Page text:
In the midst of her devastation over a break-up, Sarah realizes something isn’t right with her twin. Annie has been withdrawing from the family for some time, but her behavior seems to be escalating. She chops off her hair, gains weight, and gives up the beauty pageants she once lived for. Though shy and socially anxious Sarah has always been jealous of the way her parents favor Annie, she begins to worry about her sister. Sarah pushes toward her sister, and finds that in return, Annie reluctantly opens up to her.
The writing style was the first thing that captured me in this story. The voice is strong, conveying Sarah’s inner agony and Annie’s mounting frustration with aching clarity. There was one moment at the beginning where I felt like the story was a bit repetitive in describing Sarah’s reaction to her family’s interactions. Other than that, things moved forward at a great pace, and I tore through the story in one sitting of just a few hours.
Annie’s weight gain dramatically changes the way the other students interact with her. While Annie feels that her new look is a shield against unwanted male attention, she also endures some hateful behavior from other kids. The exploration of body image and how weight affects the way others perceive us is important. Williams doesn’t shy away from the sad reality there. Annie eventually decides to return to her old look, and while I get it, I found myself wishing somehow that there had been a bigger pause, a bigger moment to say that it really doesn’t/shouldn’t matter what her weight is. Returning to her slimmer figure doesn’t increase her actual value, though it functioned as an indicator of Annie’s rising sense of her own value – she’d been hiding behind those extra pounds and shedding them would be like facing an enemy head-on. It showed real courage.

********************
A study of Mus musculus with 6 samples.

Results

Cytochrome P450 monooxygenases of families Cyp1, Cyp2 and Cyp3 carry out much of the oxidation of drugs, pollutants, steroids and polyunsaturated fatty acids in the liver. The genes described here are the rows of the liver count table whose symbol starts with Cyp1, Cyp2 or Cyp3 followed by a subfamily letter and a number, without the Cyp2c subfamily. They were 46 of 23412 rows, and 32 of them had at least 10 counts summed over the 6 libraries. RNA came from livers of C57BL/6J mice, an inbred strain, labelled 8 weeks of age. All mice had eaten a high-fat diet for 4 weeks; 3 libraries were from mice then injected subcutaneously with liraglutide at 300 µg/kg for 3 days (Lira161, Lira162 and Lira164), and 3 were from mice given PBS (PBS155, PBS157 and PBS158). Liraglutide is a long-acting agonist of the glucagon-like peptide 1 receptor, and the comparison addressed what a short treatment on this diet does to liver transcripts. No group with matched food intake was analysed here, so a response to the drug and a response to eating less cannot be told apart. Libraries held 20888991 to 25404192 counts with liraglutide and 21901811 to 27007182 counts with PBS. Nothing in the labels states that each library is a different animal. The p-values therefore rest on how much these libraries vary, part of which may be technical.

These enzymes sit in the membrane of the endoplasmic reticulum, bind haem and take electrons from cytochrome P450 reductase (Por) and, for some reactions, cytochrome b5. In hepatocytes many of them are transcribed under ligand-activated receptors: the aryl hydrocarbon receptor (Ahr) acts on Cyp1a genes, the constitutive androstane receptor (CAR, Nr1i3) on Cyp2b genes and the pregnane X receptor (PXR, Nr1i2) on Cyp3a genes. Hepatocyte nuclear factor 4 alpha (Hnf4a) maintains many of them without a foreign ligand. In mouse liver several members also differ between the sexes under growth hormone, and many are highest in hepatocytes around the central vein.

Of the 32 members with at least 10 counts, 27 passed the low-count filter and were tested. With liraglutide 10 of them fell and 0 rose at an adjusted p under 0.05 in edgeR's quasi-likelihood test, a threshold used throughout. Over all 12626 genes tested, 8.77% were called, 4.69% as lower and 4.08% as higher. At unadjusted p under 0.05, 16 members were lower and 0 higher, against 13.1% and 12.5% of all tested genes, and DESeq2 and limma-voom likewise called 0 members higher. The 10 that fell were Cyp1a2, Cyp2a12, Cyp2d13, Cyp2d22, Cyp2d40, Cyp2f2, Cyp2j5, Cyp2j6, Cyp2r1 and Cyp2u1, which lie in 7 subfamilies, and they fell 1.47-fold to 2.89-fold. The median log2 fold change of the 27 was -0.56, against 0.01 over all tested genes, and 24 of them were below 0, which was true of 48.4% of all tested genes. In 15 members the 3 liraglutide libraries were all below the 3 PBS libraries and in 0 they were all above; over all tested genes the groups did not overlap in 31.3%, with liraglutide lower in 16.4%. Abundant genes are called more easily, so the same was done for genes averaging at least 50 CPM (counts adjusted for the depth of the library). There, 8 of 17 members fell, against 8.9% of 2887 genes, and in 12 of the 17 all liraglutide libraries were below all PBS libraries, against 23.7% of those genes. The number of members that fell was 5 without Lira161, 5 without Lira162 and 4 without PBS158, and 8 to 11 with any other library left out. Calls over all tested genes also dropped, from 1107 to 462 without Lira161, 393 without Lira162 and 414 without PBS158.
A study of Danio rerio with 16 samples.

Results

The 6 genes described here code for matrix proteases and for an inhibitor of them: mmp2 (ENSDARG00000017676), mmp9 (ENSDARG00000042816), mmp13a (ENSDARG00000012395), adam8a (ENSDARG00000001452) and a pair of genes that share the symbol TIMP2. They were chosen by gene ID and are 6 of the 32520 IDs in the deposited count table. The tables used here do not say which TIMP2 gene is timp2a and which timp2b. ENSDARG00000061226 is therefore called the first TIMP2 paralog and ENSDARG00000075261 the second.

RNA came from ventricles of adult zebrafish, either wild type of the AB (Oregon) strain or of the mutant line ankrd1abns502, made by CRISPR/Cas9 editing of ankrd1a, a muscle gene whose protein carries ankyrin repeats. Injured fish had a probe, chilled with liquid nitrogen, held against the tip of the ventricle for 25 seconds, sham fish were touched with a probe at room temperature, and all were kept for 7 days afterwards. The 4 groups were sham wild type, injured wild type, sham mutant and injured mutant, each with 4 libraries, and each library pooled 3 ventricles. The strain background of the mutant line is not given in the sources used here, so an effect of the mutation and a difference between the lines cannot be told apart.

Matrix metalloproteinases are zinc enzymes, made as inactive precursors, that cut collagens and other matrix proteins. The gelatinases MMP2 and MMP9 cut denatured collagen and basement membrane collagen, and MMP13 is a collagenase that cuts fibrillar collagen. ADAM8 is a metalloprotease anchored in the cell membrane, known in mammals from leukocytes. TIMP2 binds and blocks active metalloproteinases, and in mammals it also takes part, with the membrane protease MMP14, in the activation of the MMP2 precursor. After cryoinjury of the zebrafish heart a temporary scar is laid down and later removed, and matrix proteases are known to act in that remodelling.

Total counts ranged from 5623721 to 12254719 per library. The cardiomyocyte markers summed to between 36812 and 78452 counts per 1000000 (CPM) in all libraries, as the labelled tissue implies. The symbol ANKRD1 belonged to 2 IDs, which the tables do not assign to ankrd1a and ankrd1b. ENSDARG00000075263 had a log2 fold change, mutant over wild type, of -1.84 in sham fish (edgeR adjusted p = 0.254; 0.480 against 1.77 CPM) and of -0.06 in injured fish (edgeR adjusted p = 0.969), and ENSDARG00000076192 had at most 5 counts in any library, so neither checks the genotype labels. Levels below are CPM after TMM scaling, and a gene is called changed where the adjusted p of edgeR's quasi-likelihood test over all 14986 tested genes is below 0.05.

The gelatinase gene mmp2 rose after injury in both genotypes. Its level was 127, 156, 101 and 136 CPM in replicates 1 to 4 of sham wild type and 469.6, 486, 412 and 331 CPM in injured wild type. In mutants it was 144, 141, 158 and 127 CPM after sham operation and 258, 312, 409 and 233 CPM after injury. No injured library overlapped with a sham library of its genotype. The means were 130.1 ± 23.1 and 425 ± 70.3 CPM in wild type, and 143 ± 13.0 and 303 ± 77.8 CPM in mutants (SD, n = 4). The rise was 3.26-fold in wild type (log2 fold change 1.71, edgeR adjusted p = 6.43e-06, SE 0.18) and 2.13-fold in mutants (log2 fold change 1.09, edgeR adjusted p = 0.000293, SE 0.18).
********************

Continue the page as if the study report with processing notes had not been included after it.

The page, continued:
The resolution was a bit quick. All the way through the story Annie hints that she has a secret. It smells like sexual abuse, but we don’t find out what it is until the big reveal maybe three-quarters of the way through the story. Once this comes out, Sarah takes some action to protect her sister. Following this, we get kind of a summary of how everyone responded and what happened after that (visit spoiler section if you want to know more.) I felt like some of that was a bit rushed and didn’t allow me a chance to soak in the characters’ emotions in what was a really big moment.
I loved watching the sisters’ relationship develop. As a girl with two sisters, one close enough in age that we were often mistaken for twins, the tug-of-war Annie and Sarah experienced in terms of establishing their own identities and finding ways to connect despite their differences and pressure from parents or friends felt extremely real.
As I read, I found myself looking for the spiritual tie-in. Though this is a Zondervan book, there was not really any link that I could see to pursuing a Christian faith or even searching out questions about whether God is real or anything like that. I found it a bit puzzling, to be honest.
Sarah recalls time spent with her boyfriend snuggling in his bed (clothed), kissing, and sneaking in/out of each other’s rooms. (see below for additional content which includes spoilers.)
Shocked? Me too. Despite the fact that Zondervan is a Christian publisher… I can’t remember faith really playing any sort of role whatsoever in the story.
SPOILER (select the text below to read…)
Sexual content continued… Annie reveals that she’s no longer a virgin and that she’s had sex with a married man, even after she told him no. It’s a quick conversation and there’s not a lot of follow-up information.
While I appreciate that we weren’t dragged through the gory details of Annie’s relationship, I kind of felt like the resolution of this information, which the whole story has been building up to, was too quick and too many things were left unsaid. We have enough infer that it’s a bad relationship from the brief information Annie reveals, and there’s a brief wrap-up letting us know that this guy isn’t going to get off scot-free. I just felt like it needed to be a bigger moment. I wanted to really feel Annie’s parents realize what’s been happening and see them respond to her with all the shock, horror, and protection, rather than just have Sarah tell us that was so.